The Latest and Greatest on Governmental Meeting Legislation and What it Means to You
Apr 08, 2014 by DeDe Mulligan

governmental

Last July, there were two bills introduced into the US House of Representatives to limit federal spending and attendance of face-to-face meetings by governmental employees. The first bill, HR 313 is sitting in the Senate, while the second HR 2643, has not left the House floor. 

Here's the latest update on the two bills and what we can all learn from them 

HR Bill 313: Passed the House on July 31, 2013 and has not been approved by the Senate. 

The Government Spending Accountability Act of 2013 requires that each federal agency post on its public website detailed information on employee presentations at conferences.

This Act limits the amount that any agency may spend to support at a single conference to a maximum of $500,000.  It also requires the agency head to report to the appropriate congressional committees on any waiver granted and the justification for a spend over $500K. .

It also limits agency travel expenses for FY 2014-18 to 70% of the aggregate amount of such expenses for FY 2010. 

HR Bill 2643: Introduced in the House on July 10, 2013; no action taken. 

Stay in Place, Cut the Waste Act of 2013 requires the Director of the Office of Management and Budget (OMB) to:

  1. Review and report on the extent to which federal agencies have reduced travel expenses by the use of video conferencing pursuant to Executive Order 13589 and OMB Memorandum of December 12, 2012
  2. Develop a plan for fiscal years beginning with FY 2017 to use video conferencing to achieve the lesser of a 50% reduction in federal agency travel expenses below FY 2013 levels and
  3. Rescind amounts made available for travel expenses that are proposed for reduction under this Act.

Key Event Planning Takeaways: 

  1. Post as much as you can on your website or in the cloud.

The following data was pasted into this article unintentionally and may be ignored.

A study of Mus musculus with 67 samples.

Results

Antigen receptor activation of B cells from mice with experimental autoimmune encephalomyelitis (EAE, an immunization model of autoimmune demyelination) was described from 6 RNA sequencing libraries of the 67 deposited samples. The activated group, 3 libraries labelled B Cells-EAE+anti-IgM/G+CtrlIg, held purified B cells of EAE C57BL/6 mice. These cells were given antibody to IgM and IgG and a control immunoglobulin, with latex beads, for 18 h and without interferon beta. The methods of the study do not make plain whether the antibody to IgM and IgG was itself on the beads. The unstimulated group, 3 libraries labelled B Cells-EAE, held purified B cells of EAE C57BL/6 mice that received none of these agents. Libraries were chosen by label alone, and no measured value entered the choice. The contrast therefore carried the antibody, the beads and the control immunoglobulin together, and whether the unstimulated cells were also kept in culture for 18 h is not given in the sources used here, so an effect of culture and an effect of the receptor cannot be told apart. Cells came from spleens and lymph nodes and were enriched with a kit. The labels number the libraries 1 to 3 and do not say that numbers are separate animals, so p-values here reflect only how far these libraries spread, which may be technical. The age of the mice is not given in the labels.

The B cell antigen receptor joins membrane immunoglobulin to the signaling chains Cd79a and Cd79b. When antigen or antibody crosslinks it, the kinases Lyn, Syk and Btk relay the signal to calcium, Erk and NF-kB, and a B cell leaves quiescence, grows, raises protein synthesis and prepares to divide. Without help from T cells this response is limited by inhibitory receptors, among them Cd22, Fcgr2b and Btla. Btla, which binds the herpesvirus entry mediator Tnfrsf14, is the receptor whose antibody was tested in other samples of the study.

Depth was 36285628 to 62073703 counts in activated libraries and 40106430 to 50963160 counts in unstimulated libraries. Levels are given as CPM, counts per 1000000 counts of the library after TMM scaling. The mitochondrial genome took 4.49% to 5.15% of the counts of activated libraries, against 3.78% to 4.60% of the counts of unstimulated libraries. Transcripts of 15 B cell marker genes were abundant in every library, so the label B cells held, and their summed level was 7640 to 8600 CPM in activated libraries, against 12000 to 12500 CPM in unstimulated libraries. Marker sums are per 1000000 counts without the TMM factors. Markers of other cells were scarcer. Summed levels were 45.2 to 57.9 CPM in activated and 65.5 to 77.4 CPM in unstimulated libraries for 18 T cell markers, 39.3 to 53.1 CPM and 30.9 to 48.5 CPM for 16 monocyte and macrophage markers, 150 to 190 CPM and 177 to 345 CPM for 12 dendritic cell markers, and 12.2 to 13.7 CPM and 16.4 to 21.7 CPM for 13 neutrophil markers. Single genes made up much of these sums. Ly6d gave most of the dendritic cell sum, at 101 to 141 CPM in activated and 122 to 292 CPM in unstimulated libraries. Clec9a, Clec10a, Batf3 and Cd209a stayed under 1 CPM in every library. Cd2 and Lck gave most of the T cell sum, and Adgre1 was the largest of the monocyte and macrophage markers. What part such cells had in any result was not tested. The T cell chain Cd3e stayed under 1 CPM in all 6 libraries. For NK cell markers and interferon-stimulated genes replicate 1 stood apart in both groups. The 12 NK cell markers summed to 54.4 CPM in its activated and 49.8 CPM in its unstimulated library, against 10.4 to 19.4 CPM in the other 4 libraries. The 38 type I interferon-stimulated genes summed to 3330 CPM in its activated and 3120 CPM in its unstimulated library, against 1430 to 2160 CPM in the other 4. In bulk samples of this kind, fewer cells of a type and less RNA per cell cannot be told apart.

By posting your speakers' presentations on SlideShare or capturing them on video to be shared via a webinar or webcast, you are showing transparency of your meeting and potentially converting virtual attendees to real ones. 

  2. Realize that organizations are going to have a limit to their conference spending. 

    Rather than having someone selling advertising, another exhibit space and yet another the conference itself, have one individual go deep with each prospective corporation. They all have budgets, just like you, and many budgets have not increased over the years. 

  3. Travel expense approval is probably going to go down, not up. 

    With the onset of less expensive video conferencing alternatives and with hotel and airfare costs going up, it makes sense to the C-Suite that some meetings should be virtual. While this may be true in some instances, face-to-face meetings are still very important. 

    With this in mind, consider the following: 

    Hold regional meetings where attendees are within 3 hours of the conference. 

    Determine which meetings can be eliminated, virtual, hybrid or face-to-face. Fight for those that should be face-to-face and work with attendees to find reasonable travel solutions. 

    Become aware of the talking points of the Economic Impact Study of Meetings by CIC and MPI's initiative on Meetings Move Us Forward. Share these results with your boss, co-workers, partners and attendees. 

SmartSource Rentals, a meeting equipment supplier, can assist you in making your next face-to-face meeting a smashing success. Give them a call today to learn more about their audio visual rental offerings!